Antiques expert, TV personality and former BBC Bargain Hunt presenter, Tim Wonnacott, recently took some time out at the Talland Bay Hotel.  Here he shares his top recommendations for enjoying a short break in South East Cornwall.

“For me as a West Country man born and bred, brought up in Devon, educated on Exmoor and with so many of my formative years spent in Devon and Cornwall, returning after a break of some years was a special treat.  As a child and on into my late twenty's my family always kept a boat on a mooring on the River Fal and my happiest memories from forty odd years ago are of pottering up and down the Cornish South coast, but I had never visited either Looe or Polperro.” Tim Wonnacott

What would you recommend visitors to Talland Bay do?

Make the most of the hotel’s seaside setting. Talland Bay beach, just a few hundred yards below the hotel, is charming and definitely worth a visit. A stroll eastwards will take you to the Parish Church of St Talland, built of local stone more than five hundred years ago and now deliciously patinated in lichen, with a belfry peeking over the cliffs. The area’s colourful past is recognised by the grave of Robert Mark, said to be a Polperro smuggler who was shot and buried nearby in 1802.

The dramatic position of the hotel ensures that whatever the weather is doing your eye is drawn to the sky and sea.  If the weather is fine, take a wander along the South West Coast Footpath, which runs yards from the hotel’s front door.  At 630 miles this is the longest National Trail in the country, and in these parts was first used by patrols of coastguards and excise men trying to eradicate wrecking and smuggling.


In the old days I remember a lot of Cornish ports as being rather run down and with few facilities and attractions BUT boy have things changed! Looe positively hums with activity centred around the fishing industry and an endless variety of both old and new craft to see.  As they say “running through the veins of every true Englishman is a fair degree of salt”, and the harbour in both East and West Looe acted as a magnet for me. I was greeted at the lifeboat station most regally and the shops and eateries are a testament to the town’s popularity and prosperity.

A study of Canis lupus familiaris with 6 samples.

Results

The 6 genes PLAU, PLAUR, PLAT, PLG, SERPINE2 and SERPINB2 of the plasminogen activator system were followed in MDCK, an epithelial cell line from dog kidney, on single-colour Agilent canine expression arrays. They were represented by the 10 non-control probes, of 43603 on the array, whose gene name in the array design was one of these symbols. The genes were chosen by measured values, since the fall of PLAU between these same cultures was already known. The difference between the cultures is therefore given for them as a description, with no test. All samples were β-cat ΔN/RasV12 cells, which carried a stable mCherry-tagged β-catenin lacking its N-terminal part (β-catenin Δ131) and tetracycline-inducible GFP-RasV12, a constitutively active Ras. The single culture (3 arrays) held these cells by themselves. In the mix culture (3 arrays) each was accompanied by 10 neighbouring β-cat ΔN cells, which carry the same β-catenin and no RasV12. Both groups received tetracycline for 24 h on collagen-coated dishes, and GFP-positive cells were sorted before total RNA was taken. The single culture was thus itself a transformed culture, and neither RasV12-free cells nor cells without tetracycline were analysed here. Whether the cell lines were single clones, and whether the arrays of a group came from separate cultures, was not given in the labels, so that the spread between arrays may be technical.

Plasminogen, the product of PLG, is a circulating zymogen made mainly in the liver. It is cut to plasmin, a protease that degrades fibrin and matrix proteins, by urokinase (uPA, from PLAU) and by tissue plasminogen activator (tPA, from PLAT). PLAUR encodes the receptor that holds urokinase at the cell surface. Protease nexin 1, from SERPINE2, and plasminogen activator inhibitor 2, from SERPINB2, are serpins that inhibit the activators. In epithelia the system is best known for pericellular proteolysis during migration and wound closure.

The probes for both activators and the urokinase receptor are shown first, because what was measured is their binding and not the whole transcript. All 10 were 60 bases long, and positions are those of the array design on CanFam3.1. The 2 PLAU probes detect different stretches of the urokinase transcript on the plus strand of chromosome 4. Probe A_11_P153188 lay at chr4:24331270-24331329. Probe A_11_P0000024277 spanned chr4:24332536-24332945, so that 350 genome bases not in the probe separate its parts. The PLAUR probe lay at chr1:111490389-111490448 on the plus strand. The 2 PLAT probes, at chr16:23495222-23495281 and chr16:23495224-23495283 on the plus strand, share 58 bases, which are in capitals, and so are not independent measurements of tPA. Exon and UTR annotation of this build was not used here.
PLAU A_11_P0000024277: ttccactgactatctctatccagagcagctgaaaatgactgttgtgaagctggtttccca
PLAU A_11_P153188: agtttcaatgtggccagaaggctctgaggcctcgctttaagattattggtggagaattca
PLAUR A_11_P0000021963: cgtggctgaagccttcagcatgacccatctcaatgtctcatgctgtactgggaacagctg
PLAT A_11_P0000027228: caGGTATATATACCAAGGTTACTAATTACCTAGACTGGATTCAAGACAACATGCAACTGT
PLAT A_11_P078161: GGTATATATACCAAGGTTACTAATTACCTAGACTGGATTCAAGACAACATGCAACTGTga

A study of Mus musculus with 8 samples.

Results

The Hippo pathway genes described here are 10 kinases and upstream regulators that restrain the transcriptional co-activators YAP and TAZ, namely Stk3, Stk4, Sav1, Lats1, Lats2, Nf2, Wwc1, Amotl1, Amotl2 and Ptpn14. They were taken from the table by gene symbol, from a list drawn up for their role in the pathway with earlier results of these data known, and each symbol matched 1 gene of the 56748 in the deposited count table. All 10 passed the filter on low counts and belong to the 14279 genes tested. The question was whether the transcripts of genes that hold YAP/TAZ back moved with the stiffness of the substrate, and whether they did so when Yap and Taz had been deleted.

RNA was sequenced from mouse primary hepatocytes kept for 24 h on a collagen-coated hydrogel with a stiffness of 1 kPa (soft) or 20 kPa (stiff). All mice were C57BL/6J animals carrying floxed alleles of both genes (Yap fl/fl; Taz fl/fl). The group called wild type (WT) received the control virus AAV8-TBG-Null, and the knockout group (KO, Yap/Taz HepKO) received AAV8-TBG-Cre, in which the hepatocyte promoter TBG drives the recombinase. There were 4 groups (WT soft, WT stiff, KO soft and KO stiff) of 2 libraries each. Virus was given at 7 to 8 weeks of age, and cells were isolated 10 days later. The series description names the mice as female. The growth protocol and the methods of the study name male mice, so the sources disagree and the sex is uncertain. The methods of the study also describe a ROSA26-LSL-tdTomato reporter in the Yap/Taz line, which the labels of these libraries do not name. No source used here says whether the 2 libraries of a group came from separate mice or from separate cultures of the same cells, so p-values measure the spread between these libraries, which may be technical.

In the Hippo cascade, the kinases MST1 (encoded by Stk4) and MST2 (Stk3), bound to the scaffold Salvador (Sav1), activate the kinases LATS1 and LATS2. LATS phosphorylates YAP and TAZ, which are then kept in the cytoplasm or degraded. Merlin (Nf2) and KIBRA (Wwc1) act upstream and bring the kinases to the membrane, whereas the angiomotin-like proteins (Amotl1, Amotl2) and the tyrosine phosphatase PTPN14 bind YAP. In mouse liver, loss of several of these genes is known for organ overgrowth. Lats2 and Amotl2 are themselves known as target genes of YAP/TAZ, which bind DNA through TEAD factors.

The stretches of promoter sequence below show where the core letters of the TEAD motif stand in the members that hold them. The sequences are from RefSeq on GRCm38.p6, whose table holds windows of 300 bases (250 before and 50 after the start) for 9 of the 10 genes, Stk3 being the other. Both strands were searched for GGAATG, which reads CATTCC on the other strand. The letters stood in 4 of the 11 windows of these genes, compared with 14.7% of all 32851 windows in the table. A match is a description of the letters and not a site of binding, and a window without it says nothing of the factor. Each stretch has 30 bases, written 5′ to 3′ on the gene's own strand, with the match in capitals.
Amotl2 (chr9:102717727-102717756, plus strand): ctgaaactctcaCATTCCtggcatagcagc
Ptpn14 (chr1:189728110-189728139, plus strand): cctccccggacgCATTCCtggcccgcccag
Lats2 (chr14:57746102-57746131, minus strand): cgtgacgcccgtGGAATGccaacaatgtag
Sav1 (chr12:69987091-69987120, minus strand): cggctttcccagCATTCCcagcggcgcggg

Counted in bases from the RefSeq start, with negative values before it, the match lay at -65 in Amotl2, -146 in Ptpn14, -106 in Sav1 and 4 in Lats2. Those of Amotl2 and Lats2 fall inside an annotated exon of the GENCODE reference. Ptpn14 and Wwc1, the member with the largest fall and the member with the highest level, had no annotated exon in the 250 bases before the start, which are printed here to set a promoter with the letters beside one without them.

I was lucky to get a table to eat at the excellent Old Sail Loft Restaurant, which is owned and run by a local fisherman so the specialities have literally come out of the water only hours before. I had the Lobster, which was just delicious. I would go so far as to say this was the finest lobster I have ever tasted and a must if you like the king of all the crustaceans.


Do you have any other tips for foodies?

Be sure to sample Nick Hawke’s food at the Talland Bay Hotel. There are two dining arrangements: the fine dining Terrace Restaurant and Brasserie. The fine dining option includes an amuse bouche and up to three courses, the last preceded by a pre-dessert appetiser: all quite delicious.

Breakfast and a less formal dinner in the Brasserie are enjoyed in the modern glass conservatory opening out on to the Mediterranean style garden and, whichever option you choose (and we tried both), the service and quality of food were difficult to fault. Not surprising when the chef is Michelin-trained and his fiancée also acts as Maitre D …a perfect recipe to ensure that the place runs like clockwork.


It was a ten minute trip to Polperro from the Talland Bay Hotel, and what an extraordinary place it is. Described as “the most picturesque of all the Cornish Fishing Villages” this is probably not far off the mark. We visited at the time of the colourful Polperro Festival with bands and characters parading the streets in mad costume, which despite the drizzle did not dampen their ardour! All great fun and oozing with character.


What else would you recommend doing nearby?

If gardens are your passion then there are some absolute stunners.

The nearest National Trust house to the Talland Bay Hotel is Antony on the Rame peninsular three miles West of Torpoint.  Home to the Carew Pole family for eight hundred years and still occupied in part by them, the house is magnificent in its own right but equally good are the Repton-designed grounds including the famous topiary, knot garden, national collection of day lilies and a fine woodland garden. In short something for all tastes and clearly Walt Disney loved it enough to use the place as the set for the film Alice in Wonderland, directed by Tim Burton. I was certainly bewitched.

Antony House

Another smaller and privately owned garden to put on the list is “Hidden Valley Gardens” five miles North of Fowey. Just three and a half acres of cottage style garden created by Tricia and Peter Howard over a twenty year period and with lots of home propagated plants to buy and take home.

It was with a real pang of regret that I said goodbye to the Talland Bay Hotel with its zany interiors, delicious food, excellent service, magnificent position and what I call “olde world charm”!